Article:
Very little was known about the evolution of pterosaurs – such as how they evolved to fly – but now researchers are saying that they have identified the “missing link” in their family tree. A small reptile called lagerpetid may be the closest-known relative to pterosaurs found to date. There is, however, a significant difference between the two species which is that lagerpetids didn’t fly.
Since the 1700s, many fossils belonging to pterosaurs have been unearthed – they dated back to between 220 million and 65 million years ago. Pterosaurs were archosaurs – a name that translated from the ancient Greek word meaning “ruling lizard”. Archosaurs were a group that included dinosaurs, crocodylians, and birds as well as pterosaurs. They first showed up around 250 million years ago in the late part of the Permian period.
And now that the lagerpetid fossils have been analyzed, experts finally have a clue as to how pterosaurs became the first vertebrate to evolve into flying creatures. Interestingly, lagerpetid fossils have been found since the 1970s but at that time, researchers thought that it was more like a dinosaur than a pterosaur. As a matter of fact, the only real thing they knew about the creature was that it lived between 237 million and 210 million years ago.
But as the years passed, more complete fossils of the lagerpetid have been unearthed around the world. One example was the “tiny bug slayer” from Madagascar that dated back approximately 237 million years ago. At that point, they concluded that this species was closer related to pterosaurs than dinosaurs.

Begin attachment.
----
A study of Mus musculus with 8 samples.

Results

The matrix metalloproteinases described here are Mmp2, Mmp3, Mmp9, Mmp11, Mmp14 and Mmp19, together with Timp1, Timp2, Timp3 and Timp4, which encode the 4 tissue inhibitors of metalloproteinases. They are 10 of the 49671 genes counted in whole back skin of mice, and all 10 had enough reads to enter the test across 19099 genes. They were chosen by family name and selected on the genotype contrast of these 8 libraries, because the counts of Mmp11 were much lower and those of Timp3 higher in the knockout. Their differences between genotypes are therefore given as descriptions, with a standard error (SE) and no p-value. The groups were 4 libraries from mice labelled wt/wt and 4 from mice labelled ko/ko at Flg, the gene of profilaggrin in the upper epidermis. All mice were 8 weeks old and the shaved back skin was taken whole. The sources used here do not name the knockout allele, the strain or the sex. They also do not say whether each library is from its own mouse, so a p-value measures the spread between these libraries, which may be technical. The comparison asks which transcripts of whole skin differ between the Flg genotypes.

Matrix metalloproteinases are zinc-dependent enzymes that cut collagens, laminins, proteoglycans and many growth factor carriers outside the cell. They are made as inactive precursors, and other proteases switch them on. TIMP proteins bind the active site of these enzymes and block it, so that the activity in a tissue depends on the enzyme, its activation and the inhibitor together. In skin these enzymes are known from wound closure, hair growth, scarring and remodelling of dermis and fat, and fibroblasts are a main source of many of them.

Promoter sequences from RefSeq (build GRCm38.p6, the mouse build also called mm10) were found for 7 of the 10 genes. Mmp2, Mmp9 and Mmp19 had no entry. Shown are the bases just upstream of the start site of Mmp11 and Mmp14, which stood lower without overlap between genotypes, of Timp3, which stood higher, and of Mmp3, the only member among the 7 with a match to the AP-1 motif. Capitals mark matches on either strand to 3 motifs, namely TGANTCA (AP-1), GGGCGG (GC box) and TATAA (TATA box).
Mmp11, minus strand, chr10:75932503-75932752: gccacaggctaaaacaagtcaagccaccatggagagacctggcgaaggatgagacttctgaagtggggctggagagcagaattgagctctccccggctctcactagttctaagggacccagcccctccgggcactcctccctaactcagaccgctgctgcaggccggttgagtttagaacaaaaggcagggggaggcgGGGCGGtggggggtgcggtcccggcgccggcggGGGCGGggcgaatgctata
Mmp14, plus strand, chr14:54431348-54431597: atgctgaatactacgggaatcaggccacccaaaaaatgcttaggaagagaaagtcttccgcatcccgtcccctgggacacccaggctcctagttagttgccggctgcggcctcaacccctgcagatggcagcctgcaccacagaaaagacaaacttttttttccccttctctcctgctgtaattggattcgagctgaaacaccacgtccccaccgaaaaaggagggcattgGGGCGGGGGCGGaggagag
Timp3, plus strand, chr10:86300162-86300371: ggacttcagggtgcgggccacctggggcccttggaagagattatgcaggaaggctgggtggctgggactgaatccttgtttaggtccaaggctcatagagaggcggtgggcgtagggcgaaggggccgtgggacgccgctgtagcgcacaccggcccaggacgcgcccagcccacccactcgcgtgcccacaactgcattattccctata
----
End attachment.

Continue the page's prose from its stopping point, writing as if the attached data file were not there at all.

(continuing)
The researchers used computed tomography (micro-CT) to scan the braincase of a lagerpetid and they found that the shape of the brain as well as its inner ears were quite similar to those of a pterosaur. In an interview with Live Science, Sterling Nesbitt, who is an associate professor of geosciences at Virginia Tech and a co-researcher of the study, explained this further, “It has to do with the semicircular canals [in the ear], which orients you in 3D space.” “The shape of those canals correlates with ecology and how you move your head — basically, are you agile or not? And a lot of things that have flight have semicircular canals with a really large and characteristic [shape] because you’re flying, you’re in a lot more 3D space.”
While lagerpetids are not a direct ancestor of pterosaurs, they do have a common ancestor at the “base” of their family tree, so it does provide some interesting answers about the evolutionary history. David Unwin, who is a reader in paleobiology at the University of Leicester in England who studies pterosaurs but was not a part of the study, noted that the research “provides some impressive evidence” however “some difficult questions remain”.
He went on to say, “Lagerpetids, argued in this analysis to be the closest known relatives to pterosaurs, were small, lightly-built, fully bipedal [two-legged] animals with relatively short forelimbs.” “Pterosaurs, by contrast, were fully quadrupedal [four-legged] and had highly elongate[d] forelimbs.” He added that since there was such a big difference in their bodies, “these discoveries throw little light on when, where and how pterosaurs and their flight ability first evolved.” (Pictures of what the lagerpetid would have looked like can be seen here.)
The study was published in the journal Nature where it can be read in full.